A six-week kokanee fishing season on Wood Lake, considered Canada’s premier kokanee fishery, saw the number of fish harvested this year decrease significantly from 2013 levels.
It was the first of at least three straight years kokanee fishing in Wood Lake will be limited to April 15 to May 31 as fisheries biologists work to try and revive a fishery that began seeing a drastic downturn in the number of kokanee spawners in 2011.
This year’s shorter opening was designed to give anglers a chance to fish for kokanee while at the same time collecting data from angler surveys.
The 2014 Wood Lake Creel Survey indicated the catch rate and the size of fish being caught this year was down from 2013 with the average fish caught measuring 13.7 inches (34.9 cm) and weighing 1.14 pounds. The total number of fish caught was down significantly when compared to the same time the previous year.
“Based on our model for estimating overall angler effort and harvest, the total angling effort during the 2014 kokanee season increased, but the estimated number of fish harvested decreased significantly in 2014,” said Eric Hegerat, a B.C. government fisheries biologist. Hegerat says in 2013 there were an estimated 1,470 fish harvested while 2014’s total harvest is estimated at 860 fish.
The crash of the Wood Lake fishery began in 2011 when the number of kokanee returning to spawn was just 6,300, well below the average of about 14,000 fish. The next year was worse with only 2,300 kokanee returning in 2012, the worst result dating back to 1994. In 2013 the numbers were steady with about 2,800 kokanee returning while fish returns were predicted to be low as well this year, prompting the government to limit the fishery to six weeks.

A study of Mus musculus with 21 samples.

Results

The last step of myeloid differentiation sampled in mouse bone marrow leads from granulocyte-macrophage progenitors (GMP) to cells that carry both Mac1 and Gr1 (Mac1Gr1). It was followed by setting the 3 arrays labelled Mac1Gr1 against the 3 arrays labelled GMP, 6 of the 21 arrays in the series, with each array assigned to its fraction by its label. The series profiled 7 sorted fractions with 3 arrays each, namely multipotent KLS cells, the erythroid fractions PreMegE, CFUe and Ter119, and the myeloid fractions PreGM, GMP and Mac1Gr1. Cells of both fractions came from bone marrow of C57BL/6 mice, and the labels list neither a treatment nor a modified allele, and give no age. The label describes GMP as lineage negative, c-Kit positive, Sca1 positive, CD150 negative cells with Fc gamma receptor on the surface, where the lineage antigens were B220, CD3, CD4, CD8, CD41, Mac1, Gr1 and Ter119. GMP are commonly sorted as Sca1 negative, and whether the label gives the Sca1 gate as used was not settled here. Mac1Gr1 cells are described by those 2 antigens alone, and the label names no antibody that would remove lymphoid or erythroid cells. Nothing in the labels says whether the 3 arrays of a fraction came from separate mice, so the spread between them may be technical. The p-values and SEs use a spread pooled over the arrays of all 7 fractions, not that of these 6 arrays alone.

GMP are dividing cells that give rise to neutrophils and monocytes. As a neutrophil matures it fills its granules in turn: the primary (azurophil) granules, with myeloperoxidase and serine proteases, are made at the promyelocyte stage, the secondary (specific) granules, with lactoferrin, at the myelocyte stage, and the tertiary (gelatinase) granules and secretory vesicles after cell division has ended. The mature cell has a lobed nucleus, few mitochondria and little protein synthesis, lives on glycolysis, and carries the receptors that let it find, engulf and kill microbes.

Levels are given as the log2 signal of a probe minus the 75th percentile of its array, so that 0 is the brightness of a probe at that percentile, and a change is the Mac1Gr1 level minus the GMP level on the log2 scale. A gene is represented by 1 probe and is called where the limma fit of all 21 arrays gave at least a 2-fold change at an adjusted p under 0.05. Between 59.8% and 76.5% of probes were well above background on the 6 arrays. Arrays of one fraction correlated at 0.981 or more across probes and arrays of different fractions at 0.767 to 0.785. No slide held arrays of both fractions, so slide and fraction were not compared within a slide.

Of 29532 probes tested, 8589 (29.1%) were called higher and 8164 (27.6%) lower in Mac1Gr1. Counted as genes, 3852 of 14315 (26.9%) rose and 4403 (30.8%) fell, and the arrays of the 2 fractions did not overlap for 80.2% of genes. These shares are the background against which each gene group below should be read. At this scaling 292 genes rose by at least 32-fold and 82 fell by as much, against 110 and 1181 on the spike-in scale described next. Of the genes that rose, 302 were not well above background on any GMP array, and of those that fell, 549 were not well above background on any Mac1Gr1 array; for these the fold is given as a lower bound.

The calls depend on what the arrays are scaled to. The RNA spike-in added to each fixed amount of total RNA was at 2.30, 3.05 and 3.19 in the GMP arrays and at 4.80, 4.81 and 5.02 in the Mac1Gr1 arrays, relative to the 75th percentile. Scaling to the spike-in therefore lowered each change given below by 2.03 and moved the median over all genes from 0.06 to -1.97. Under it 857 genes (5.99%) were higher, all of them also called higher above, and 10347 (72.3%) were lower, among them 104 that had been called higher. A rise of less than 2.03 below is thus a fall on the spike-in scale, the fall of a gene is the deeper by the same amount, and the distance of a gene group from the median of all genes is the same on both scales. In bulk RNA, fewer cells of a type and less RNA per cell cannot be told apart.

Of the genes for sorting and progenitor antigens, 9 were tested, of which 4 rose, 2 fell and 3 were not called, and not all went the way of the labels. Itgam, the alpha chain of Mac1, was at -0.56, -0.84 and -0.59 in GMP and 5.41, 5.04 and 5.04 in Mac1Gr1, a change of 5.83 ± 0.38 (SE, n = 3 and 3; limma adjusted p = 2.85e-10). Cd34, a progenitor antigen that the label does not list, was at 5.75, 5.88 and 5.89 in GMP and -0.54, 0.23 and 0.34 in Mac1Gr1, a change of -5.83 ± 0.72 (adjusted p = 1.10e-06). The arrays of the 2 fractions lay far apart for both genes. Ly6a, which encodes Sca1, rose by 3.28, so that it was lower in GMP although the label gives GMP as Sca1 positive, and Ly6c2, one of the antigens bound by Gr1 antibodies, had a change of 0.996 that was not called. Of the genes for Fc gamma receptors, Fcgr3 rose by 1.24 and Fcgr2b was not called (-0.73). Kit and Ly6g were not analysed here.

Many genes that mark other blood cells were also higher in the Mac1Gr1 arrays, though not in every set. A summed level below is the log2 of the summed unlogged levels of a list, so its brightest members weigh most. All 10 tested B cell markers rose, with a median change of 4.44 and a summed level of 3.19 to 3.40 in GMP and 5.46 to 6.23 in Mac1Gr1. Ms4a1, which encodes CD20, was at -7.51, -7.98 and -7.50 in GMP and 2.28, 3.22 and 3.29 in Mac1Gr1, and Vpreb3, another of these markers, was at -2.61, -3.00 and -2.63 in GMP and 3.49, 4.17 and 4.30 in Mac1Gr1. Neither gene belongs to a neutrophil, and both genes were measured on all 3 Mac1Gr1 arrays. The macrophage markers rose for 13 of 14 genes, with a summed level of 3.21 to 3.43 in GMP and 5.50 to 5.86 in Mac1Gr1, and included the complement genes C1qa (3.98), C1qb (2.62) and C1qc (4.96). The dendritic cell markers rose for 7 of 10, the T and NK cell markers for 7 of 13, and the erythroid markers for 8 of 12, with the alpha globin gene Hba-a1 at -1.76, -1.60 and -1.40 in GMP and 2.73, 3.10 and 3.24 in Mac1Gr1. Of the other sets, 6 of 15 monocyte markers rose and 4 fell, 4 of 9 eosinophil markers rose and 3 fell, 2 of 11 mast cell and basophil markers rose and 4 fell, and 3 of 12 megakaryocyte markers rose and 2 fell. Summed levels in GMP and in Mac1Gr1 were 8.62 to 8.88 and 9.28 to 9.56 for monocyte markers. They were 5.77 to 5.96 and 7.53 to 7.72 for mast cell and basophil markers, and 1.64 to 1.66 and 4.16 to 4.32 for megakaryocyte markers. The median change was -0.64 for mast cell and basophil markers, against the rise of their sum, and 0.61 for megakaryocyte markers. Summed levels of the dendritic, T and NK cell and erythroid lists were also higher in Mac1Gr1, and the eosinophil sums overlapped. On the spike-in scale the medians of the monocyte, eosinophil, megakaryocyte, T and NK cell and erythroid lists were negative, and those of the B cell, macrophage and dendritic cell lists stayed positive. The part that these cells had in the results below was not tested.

“In 2011 poor in-lake conditions led to significantly increased mortality rates for kokanee of all ages,” said Tara White, senior fisheries biologist. “Angler harvest does not appear to be the cause of the downturn, yet with spawner escapement so low, excessive mortality due to angler harvest could extend the period of low abundance for more generations.”
White added that a shorter opening should benefit the Wood Lake fishery adding there were good levels of fish under a year old caught last year, pointing to a possible recovery of the fishery by 2015. However she said the shorter opening will allow for younger fish to survive for future years of the fishery.
“A standardized spring opening is set for the next two years so some fishing opportunity is available and important data can be collected,” she said, adding its an important lake for the area’s economy and sport-fishing opportunities. “Wood Lake (historically) garners in excess of 10,000 angler days of fishing each summer—about $1 million to the local economy each year.”
The next opening for Wood Lake fishing is April 15 to May 31, 2015.